María (pseudonym) made a very important decision before dying several years ago. She reconsidered her future after a terminal illness diagnosis and in doing so she saw her desire to be a mother.
The woman, who was in her late 20s, went to a fertility clinic, where, after receiving advice she opted for cryopreservation, a fertility treatment allowing for the freezing and preservation of eggs to be potentially used in the future.
María died and as her genetic material was sleeping the sleep of the just, last year her parents decided to fulfill her daughter's wish.
"We want to fulfill my daughter's desire to have a child," said José (pseudonym), who asked not to be identified because the baby is still developing.
Years after María died, a young woman, not related to the family, agreed to undergo the surrogacy process and carry the baby to term, which was possible by fertilizing María´s frozen eggs with the sperm of a donor.
The seven-weeks pregnancy is the first case in Puerto Rico, Latin America and possibly in the United States of a pregnancy achieved with a dead woman´s frozen eggs, said Dr. Rosa Ileana Cruz Burgos, a specialist in reproductive endocrinology. Cruz Burgos is treating the case, which has an additional peculiarity because those who will raise the baby will be his or her grandparents.
“I consulted the American Society for Reproductive Medicine and the Society for Assisted Reproductive Technology, but, until November, there was nothing about such a case reported in the medical literature,” said Cruz Burgos, who warned that there have been cases of frozen sperm used after a man died.
According to the doctor, at the medical level, there were no problems to work in this case, since there are cases of frozen eggs fertilized with donated sperm, but there were no cases of a dead woman´s frozen eggs. In 2015, Cruz Burgos treated the first case in Puerto Rico of a pregnancy with frozen eggs of an anonymous donor.
“The issue here was legal and psychological. That’s why the first thing I said (to the grandparents who will also be the child’s parents) was: "Here we are not going to substitute one life for another," she said.
María's parents went to Cruz Burgos’ office last year to discuss the possibility of retrieving and using her daughter's frozen eggs to be fertilized.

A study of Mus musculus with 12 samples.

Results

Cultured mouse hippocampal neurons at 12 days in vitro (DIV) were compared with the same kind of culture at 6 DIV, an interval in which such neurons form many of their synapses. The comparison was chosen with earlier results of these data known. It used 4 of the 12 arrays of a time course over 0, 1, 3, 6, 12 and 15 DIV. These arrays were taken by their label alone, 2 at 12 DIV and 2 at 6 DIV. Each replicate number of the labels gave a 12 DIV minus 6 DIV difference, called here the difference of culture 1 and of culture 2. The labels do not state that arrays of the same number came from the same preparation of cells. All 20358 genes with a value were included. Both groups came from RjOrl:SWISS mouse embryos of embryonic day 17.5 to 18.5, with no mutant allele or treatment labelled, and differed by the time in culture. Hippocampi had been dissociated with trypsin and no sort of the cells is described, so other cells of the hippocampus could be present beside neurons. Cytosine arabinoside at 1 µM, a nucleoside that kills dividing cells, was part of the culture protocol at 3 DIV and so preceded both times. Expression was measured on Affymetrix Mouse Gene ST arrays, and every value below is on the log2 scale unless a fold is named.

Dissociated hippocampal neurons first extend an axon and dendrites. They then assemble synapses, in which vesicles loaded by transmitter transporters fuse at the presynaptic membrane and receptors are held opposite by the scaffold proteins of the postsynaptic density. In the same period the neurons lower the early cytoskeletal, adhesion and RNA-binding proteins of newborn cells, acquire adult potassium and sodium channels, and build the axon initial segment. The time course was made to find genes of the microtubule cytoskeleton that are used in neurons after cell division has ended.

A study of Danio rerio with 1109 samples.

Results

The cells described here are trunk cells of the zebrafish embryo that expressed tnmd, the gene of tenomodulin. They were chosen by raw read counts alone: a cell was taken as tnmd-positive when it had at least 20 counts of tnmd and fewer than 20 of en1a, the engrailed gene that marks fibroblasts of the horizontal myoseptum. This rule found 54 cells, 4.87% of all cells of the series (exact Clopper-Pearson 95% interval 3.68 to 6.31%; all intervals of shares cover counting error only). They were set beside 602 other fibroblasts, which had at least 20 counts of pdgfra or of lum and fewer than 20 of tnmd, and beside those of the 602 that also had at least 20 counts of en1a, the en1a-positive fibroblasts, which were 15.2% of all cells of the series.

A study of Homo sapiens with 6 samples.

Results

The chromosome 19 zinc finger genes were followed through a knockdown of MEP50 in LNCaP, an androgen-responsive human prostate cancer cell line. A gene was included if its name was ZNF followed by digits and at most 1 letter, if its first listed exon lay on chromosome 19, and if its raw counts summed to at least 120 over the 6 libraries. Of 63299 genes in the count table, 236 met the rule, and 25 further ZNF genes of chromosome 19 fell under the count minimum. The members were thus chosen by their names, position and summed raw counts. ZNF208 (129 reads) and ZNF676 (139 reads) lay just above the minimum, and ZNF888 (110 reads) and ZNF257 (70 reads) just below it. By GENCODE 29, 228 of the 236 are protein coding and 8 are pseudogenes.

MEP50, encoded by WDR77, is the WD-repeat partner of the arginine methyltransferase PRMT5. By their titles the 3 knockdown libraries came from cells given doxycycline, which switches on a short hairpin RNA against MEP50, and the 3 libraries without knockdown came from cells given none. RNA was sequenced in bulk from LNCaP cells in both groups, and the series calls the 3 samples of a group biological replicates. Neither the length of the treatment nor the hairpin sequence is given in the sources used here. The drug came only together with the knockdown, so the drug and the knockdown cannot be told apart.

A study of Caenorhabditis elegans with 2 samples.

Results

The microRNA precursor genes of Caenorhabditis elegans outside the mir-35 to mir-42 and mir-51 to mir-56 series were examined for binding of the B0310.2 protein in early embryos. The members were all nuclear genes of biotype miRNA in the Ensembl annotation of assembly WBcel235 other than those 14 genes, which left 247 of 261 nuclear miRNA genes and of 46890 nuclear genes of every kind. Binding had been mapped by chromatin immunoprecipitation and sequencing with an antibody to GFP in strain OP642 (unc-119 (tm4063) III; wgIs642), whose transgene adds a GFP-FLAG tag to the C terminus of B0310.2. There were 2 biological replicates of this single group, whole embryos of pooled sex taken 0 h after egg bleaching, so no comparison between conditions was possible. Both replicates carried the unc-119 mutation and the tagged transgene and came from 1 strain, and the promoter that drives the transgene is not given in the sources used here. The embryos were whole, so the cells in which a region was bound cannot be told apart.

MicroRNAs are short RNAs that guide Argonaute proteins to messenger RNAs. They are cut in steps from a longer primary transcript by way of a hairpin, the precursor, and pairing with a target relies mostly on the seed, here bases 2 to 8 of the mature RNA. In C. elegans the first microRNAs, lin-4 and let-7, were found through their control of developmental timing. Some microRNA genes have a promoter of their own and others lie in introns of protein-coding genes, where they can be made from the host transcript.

"It was not only about the medical evaluation but also about a host uterus, a sperm donor, the psychological aspect and the legal evaluation," she said.
Among the psychological considerations, she mentioned the importance of María’s parents understanding the dimensions of the process.
“We have to understand that the person who died is gone. And also, that the process (assisted reproduction) is not 100 percent effective. It is important to close chapters and complete the mourning process, as well as to prepare for failure and success (of the process). And, if achieved, what will the circumstances of the environment (parents-grandparents), and the support group be,” she said.
Leading the way
After the necessary evaluations, they took María's frozen eggs to Cruz Burgos´ office, as the woman had the procedure at another local fertility clinic. And also, María´s parents were granted the legal custody of her eggs.
“There is a lot of debate and discussion over post-mortem fertilization. There are opinions from gynecology, obstetrics and assisted reproduction organization on the matter. The important thing is what the person wanted,” said the specialist, who explained that, in this field of medicine and given the lack of precedents, there are many processes opening the way to the legal level.
A viable embryo was created by fertilizing half of the 12 frozen eggs, and that embryo was also frozen. Months later, the rest of the eggs were fertilized and they got another embryo that is now developing in the surrogate uterus. In both cases, fertilization was achieved under a micromanipulation process, an assisted reproduction technique consisting of the microinjection of sperm into an egg.
“Humans go through many stages and we understand that their desire (that of grandparents-parents) is a real and viable one. Now, this pregnancy opens a window. Fortunately, (the process) was successful. Now this baby may have babies and those babies may have others and that lineage continues,” said Cruz Burgos, who explained that the other frozen embryo can be stored for up to five years and, in that term, it can be used, donated to another couple, discarded or donated for research purposes.
"We are excited"
On the other hand, José and his family are "excited, hopeful and looking forward to the birth," in the first months of 2020.
"We are happy. We have overcome so many obstacles. We are excited about science letting us have this opportunity. Whether we are the first or not, it´s like being touched by fate. Now we are happy to have been able to fulfill my daughter's wishes,” he said, expressing his gratitude to Cruz Burgos and the team that made the pregnancy possible.
Meanwhile, the other frozen embryo created with Maria's frozen eggs is in storage. Cruz Burgos anticipated the possibility of another potential pregnancy in the future if these grandparents were interested.
"I think this is a miracle," concluded the reproductive endocrinologist.